Acton, Australian Capital Territory

NewActon Precinct.jpg
NewActon Precinct in April 2022
Acton is located in Australian Capital Territory
CoordinatesCoordinates: 35°16′46″S 149°07′10″E / 35.27944°S 149.11944°E / -35.27944; 149.11944
Population2,086 (2016 census)[1]
DistrictNorth Canberra
Territory electorate(s)Kurrajong
Federal division(s)Canberra
Suburbs around Acton:
O'Connor Turner
Black Mountain Acton City
Yarralumla Lake Burley Griffin

Acton (postcode: 2601) is a suburb of Canberra, ACT, Australia. Acton covers an area west of the CBD, bordered by Black Mountain to the west and Lake Burley Griffin in the south. The Australian National University campus covers most of the suburb, though also located in Acton is the National Film and Sound Archive, a branch of the CSIRO and the National Museum of Australia.

The population of Acton on census night 2016 was 2,086 people,[1] mostly students living at the Australian National University.


Molonglo River at Acton in 1920
ANU School of Art

Acton was inhabited by Aboriginal Australian groups for thousands of years before European occupation. Part of this history is documented by the ANU Aboriginal and Torres Strait Islander Heritage Trail.[2] Sullivans Creek, which flows through Acton, provided a culturally significant source of food and resources for Aboriginal people. According to historian Bill Gammage, part of the area now used as the South Oval was purposely deforested by Aboriginal people, to form a grassland area that may have been used for hunting kangaroos, camping, or as an area to await smoke signals from nearby. Scarred trees in Acton suggest that their bark provided a valuable resource.

The suburb is named in recognition of one of the region's original homesteads 'Acton' which was sited near the present-day National Museum at the end of Liversidge Street.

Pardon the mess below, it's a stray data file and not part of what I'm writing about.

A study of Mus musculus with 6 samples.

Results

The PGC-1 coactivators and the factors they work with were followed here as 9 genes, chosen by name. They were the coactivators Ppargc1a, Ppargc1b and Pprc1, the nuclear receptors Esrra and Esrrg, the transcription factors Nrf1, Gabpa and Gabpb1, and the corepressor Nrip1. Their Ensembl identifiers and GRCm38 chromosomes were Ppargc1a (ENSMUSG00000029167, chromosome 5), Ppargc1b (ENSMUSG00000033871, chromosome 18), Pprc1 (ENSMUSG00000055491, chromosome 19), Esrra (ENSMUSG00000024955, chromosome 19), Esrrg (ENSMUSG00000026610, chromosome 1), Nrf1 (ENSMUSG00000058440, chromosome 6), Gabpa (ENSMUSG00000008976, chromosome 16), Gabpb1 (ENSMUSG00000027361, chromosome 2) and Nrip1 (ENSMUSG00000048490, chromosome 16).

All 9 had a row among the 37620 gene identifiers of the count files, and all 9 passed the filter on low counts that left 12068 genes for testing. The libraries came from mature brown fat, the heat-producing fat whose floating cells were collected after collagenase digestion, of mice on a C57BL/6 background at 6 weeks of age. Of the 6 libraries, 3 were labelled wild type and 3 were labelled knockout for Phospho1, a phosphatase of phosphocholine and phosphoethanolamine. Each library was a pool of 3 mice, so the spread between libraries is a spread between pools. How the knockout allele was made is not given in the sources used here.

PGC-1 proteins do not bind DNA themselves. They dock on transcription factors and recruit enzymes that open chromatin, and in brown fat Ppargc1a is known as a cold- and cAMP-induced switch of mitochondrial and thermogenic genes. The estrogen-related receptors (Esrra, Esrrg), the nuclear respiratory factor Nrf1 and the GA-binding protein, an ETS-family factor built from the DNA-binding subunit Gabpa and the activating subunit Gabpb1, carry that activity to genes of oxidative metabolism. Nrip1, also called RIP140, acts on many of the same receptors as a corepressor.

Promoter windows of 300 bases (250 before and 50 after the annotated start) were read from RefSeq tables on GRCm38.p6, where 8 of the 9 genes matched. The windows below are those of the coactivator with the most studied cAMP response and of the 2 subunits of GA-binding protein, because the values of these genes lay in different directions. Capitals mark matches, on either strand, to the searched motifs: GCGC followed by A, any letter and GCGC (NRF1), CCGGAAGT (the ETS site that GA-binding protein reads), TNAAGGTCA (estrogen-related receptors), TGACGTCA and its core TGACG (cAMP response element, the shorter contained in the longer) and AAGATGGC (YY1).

With the establishment of the Federal Capital in 1911, territory administrators erected a temporary workers camp in the vicinity of 'Acton Homestead', since demolished, to house staff coordinating the development of the National Capital. The chief Surveyor Scrivener occupied Acton Homestead at an early stage during his survey of the capital site. The Bachelors' Quarters above Lennox Crossing, now renamed Lennox House, became the city's first guest house.

The alignment of Liversidge Street and Lennox Crossing follows the original line of the pre-1911 road towards the major ford across the Molonglo River. A low bridge and causeway was erected in 1911, at the site of the original river ford in an area subsequently inundated by Lake Burley Griffin.[3]

The Acton Tunnel was built below a hill in the suburb between 1976 and 1979 as part on an extension of Parkes Way.

In 2011 a proposal was launched to build the Australia Forum, a major convention centre complex, on the lake shoreline in Acton.


In the 2016 census, the population of Acton was 2,086.[1] 56.9% of the population was foreign-born, the highest for any Canberra suburb.[4]


The southern part of Acton has a complicated arrangement of sediments that include the Pittman Formation greywacke and the black-coloured Acton Shale Member from the Ordovician age. Then from the Silurian age there is mudstone, State Circle Shale, and Camp Hill Sandstone. Some limestone is found near the National Museum of Australia.[5]

Calcareous shales from the Canberra Formation are overlain by Quaternary alluvium on the north. This rock is the limestone of the original title of Canberra, "Limestone Plains". Tertiary-age pebbly gravels are left from when the Molonglo river was at a higher level.[5]

Notes and references[edit]

  1. ^ a b c Australian Bureau of Statistics (27 June 2017). "Acton (State Suburb)". 2016 Census QuickStats. Retrieved 27 July 2017. Edit this at Wikidata
  2. ^[bare URL PDF]
  3. ^ Scott MacArthur of Tanner Architects (2007), Heritage Impact Statement, Australian National University
  4. ^ "Where do migrants live? (4102.0 – Australian Social Trends, 2014)". Australian Bureau of Statistics. 17 March 2014. Retrieved 19 March 2014.
  5. ^ a b Henderson G A M and Matveev G, Geology of Canberra, Queanbeyan and Environs 1:50000 1980.